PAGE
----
Readability iOS app resubmitted to the App Store

Earlier this week I posted about Readability  and how their app had been rejected from the App Store. Today I have an update for you. The following was tweeted from the Readability account yesterday:

The Readability iOS app has been re-submitted. Coming soon: our open love letter to Apple.

I doubt that they're paying Apple's Vig and there hasn't been enough time to negotiate a lower rate, so my guess is that Readability are making use of  a quirk in the rules that Steve Jobs invented this week. One developer, concerned about the affect Apple's greed would have on various services he subscribed to (such as Dropbox, SalesForce, and Evernote), asked Steve Jobs to clarify the rule. This is the email he is supposed to have received:

We created subscriptions for publishing apps, not SaaS (software as a service) apps.

Sent from my iPhone

As I see it, this is an arbitrary distinction that attempts to separate some subscription apps from the rest. This answer bothers me more than if Apple had decided to go after a cut of the subscriptions from SaaS apps, because there is only a small difference between SaaS and streaming services like Pandora, Rhapsody,and Netflix. In fact, I really don't see how these services count as publishers when they stream content. Can someone explain?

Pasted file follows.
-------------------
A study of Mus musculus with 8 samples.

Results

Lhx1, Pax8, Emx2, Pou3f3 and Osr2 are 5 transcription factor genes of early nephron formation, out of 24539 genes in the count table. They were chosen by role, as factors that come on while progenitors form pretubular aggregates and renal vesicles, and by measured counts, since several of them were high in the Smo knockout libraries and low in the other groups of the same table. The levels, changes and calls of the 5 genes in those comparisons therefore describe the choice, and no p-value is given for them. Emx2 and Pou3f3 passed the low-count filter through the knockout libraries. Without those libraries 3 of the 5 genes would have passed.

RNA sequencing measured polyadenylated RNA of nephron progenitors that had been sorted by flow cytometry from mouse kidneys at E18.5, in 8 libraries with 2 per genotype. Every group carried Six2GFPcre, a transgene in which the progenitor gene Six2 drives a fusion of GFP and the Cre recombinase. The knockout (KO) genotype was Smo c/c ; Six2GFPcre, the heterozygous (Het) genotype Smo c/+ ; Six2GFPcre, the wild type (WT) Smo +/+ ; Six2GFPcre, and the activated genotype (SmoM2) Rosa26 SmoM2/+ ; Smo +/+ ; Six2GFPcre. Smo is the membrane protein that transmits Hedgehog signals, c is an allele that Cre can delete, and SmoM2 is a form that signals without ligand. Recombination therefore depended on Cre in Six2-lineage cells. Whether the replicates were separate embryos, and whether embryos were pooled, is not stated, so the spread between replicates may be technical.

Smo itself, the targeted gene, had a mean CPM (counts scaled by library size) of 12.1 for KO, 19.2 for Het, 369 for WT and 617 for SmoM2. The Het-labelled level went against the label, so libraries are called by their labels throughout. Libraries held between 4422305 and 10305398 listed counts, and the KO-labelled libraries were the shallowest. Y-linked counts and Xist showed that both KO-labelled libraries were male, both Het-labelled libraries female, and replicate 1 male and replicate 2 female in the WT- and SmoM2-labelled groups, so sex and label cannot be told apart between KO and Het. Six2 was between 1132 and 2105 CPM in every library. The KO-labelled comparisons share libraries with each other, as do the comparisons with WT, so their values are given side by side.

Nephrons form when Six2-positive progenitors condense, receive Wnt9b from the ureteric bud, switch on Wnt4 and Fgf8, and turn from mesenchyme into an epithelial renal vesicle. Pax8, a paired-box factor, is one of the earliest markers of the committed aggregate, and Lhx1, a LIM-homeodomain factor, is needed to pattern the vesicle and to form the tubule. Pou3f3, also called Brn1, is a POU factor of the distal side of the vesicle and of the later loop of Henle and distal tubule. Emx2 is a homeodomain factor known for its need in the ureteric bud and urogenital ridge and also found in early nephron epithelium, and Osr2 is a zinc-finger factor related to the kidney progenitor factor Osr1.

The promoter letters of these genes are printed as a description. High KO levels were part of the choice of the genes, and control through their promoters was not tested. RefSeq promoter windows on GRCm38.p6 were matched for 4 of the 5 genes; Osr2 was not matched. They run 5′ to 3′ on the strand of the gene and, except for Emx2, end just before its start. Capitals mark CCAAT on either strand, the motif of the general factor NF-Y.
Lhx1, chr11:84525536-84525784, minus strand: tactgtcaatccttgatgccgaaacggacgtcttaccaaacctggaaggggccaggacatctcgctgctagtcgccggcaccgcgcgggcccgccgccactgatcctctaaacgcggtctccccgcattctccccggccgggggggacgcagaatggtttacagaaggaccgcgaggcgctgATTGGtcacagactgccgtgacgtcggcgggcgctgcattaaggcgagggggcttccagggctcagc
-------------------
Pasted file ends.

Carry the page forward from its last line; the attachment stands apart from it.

Is it just me, or are the folks at Apple are just making this up as they go along?


About Nate Hoffelder (11214 Articles)
Nate Hoffelder is the founder and editor of The Digital Reader:"I've been into reading ebooks since forever, but I only got my first ereader in July 2007. Everything quickly spiraled out of control from there. Before I started this blog in January 2010 I covered ebooks, ebook readers, and digital publishing for about 2 years as a part of MobileRead Forums. It's a great community, and being a member is a joy. But I thought I could make something out of how I covered the news for MobileRead, so I started this blog."

6 Comments on Readability iOS app resubmitted to the App Store

  1. The distinction is the difference between data and content.
    Data being, of course, information that is a means to an end and content being an end unto itself. Providing storage space for personal files isn’t quite the same thing as providing those files in the first place though they may use the exact same delivery mechanisms.
    For example, an app that accesses a personal document via OPDS and Calibre from my PC is no longer forbidden but using that same OPDS app to get a book I bought fron BAEN is still a violation of the rules.
    Ain’t life grand in the world of Godfather Jobs?

  2. So Readability will now need to rely on a web application and provide the content through a browser. BFD.

    As for Readability, their website sucks. How am I suppose to be interested in this service if their website doesn’t speak specifically about the content I can access?